Here are the numbers for this past week that USDA released this afternoon:
The crop retained its stellar rating at 74% rated Good/Excellent compared to last week.
The recent warm, dry weather did wonders to speed along the crop towards maturity with 96% of the crop dented compared to 90% last week and 95% last year at this time. The five year average is 97%.
60% of the crop is now fully mature compared to 42% last week and 60% last year. The five year average is 70%.
12% of the crop has been harvested compared to 7% last week and 11% last year at this time. The five year average is 23%.
The northern tier states are behind which is the reason that traders are reluctant to keep pressure on the corn right now as they want to see the % harvested move higher ahead of any potential wetness or killing freezes. That is giving the corn some lingering weather premium.
However, it should be noted that in those areas where harvest is either ongoing or has been completed, reported yields are coming in very, very strong.
The bean crop actually improved slightly this past week with 72% rated Good/Excellent compared to 71% last week. The Excellent category is where the increase came from as it gained 1% to 19 from 18 the previous week.
69% of the crop is now dropping leaves compared to 45% last week and 64% a year ago. The five year average is 71%.
On the harvest front - 10% of the bean crop has been harvested compared to 3% a week ago and 10% a year ago at the same time. The five year average is 17%.
About the same thing on the bean harvest as for the corn - it is lagging the 5 year average in some of the more northern states in particular but yields thus far that are coming in are incredibly high.
The market decided to move higher today ahead of tomorrow's USDA stockpiles report. the last number we had for old crop supplies stood at 130 million bushels. Some shorts decided to get out ahead of that number. I am not sure why anyone is especially interested in the old crop carryover at this point ahead of a carryover that is expected to be more than 3X that number but it could be some end of the quarter/month movement was involved here as well.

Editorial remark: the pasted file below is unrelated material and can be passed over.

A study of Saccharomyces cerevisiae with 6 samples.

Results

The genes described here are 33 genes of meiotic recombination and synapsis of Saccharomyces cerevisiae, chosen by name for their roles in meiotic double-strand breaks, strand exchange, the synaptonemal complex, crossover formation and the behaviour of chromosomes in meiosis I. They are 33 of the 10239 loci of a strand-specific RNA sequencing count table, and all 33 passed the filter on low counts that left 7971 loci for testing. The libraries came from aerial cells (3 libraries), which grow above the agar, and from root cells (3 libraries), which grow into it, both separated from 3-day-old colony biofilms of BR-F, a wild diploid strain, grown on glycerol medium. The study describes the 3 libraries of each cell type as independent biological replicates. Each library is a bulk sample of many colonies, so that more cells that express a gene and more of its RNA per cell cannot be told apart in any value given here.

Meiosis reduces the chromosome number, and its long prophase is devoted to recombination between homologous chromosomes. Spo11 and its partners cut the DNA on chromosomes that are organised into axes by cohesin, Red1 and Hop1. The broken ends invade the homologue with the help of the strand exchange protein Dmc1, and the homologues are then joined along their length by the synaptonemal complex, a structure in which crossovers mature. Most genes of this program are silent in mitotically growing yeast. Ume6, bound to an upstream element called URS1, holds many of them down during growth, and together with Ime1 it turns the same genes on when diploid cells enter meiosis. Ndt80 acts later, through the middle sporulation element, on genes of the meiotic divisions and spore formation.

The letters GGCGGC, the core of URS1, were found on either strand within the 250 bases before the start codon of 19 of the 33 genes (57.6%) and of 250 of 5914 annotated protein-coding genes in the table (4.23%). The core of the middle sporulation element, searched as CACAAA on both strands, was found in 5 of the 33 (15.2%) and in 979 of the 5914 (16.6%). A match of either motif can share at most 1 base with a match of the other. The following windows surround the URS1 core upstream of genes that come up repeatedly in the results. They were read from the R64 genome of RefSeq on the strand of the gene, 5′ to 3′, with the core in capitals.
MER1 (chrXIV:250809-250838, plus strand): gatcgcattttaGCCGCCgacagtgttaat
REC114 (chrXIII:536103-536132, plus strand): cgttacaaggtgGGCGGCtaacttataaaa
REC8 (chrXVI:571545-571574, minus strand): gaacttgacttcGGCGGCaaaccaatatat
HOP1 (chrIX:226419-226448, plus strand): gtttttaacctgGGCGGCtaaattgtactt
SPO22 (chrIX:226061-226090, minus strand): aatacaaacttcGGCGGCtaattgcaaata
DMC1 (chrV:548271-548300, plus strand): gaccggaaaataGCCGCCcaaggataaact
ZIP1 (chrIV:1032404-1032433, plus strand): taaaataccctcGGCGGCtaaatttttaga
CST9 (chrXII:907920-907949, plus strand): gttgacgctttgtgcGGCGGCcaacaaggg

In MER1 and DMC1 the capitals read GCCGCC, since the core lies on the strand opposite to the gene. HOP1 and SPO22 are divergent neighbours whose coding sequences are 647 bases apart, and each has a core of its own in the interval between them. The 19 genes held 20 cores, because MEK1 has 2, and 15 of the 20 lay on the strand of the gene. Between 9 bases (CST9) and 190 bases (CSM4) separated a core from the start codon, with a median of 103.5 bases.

This afternoon's progress/condition reports show crops in outstanding condition and an ongoing harvest. Traders will react to any potential for harvest disruptions or freezes but unless any sort of hard freeze comes prior to the middle of this month, at this point, I do not believe it will make much difference in the general scheme of things. We'll see as we move forward.
One last thing - the corn/wheat spread continues to move against corn and in favor of wheat as it had started to do last week. I am watching wheat prices carefully to see if there is anything that might indicate a bottom is in for this market. Right now the chart is showing some decidedly bullish divergence on the RSI but the chart has not shown any confirmation of that in the form of a break over overhead resistance. A change in the handle from one of a "4" to that of a "5" might pique some interest among momentum-based buyers but for now the market is still in a bear trend undergoing some mild corrections higher.
What showed something similar in July and managed to rally about $0.40 before succumbing to another round of strong selling. It could conceivably rally to $5.00 but one would expect fresh selling to show up once again unless something had changed on the fundamental front.
Strength in the US Dollar has negated a considerable portion of the downdraft in US wheat prices.
Let's watch this however...( along with cattle for any sign of a blow off top which finally runs out of upside steam ).
On the hogs, the report has cast a bearish pall over that complex that will linger for a while but for the time being, the cash markets remain strong and with the board at a discount to the cash, we will need to see that turn before we can any move aggressive selling in this market. Expansion is here however and is not going away anytime soon. That is good news for those of us who are getting tired of paying the proverbial arm and leg for red meat.
Hey - Tuna Helper is looking pretty good right now! It's too bad beef is a perishable commodity because buying it last year and holding it would have been a helluva lot better than "stackin' gold". On second thought, I sense some real potential here for any newsletter writers who want to concoct some theories about Beef Backwardation ( notice how catching the "B and B" sounds), or Famed Cattle Insider claims Massive Beef Buying seen at Costco. How did I ever miss such an opportunity?! He could also claim that he just narrowly missed being hit by a runaway forklift driver who was moving dead carcasses at the feedlot where he was conducting undercover surveillance as part of his whistleblower activities!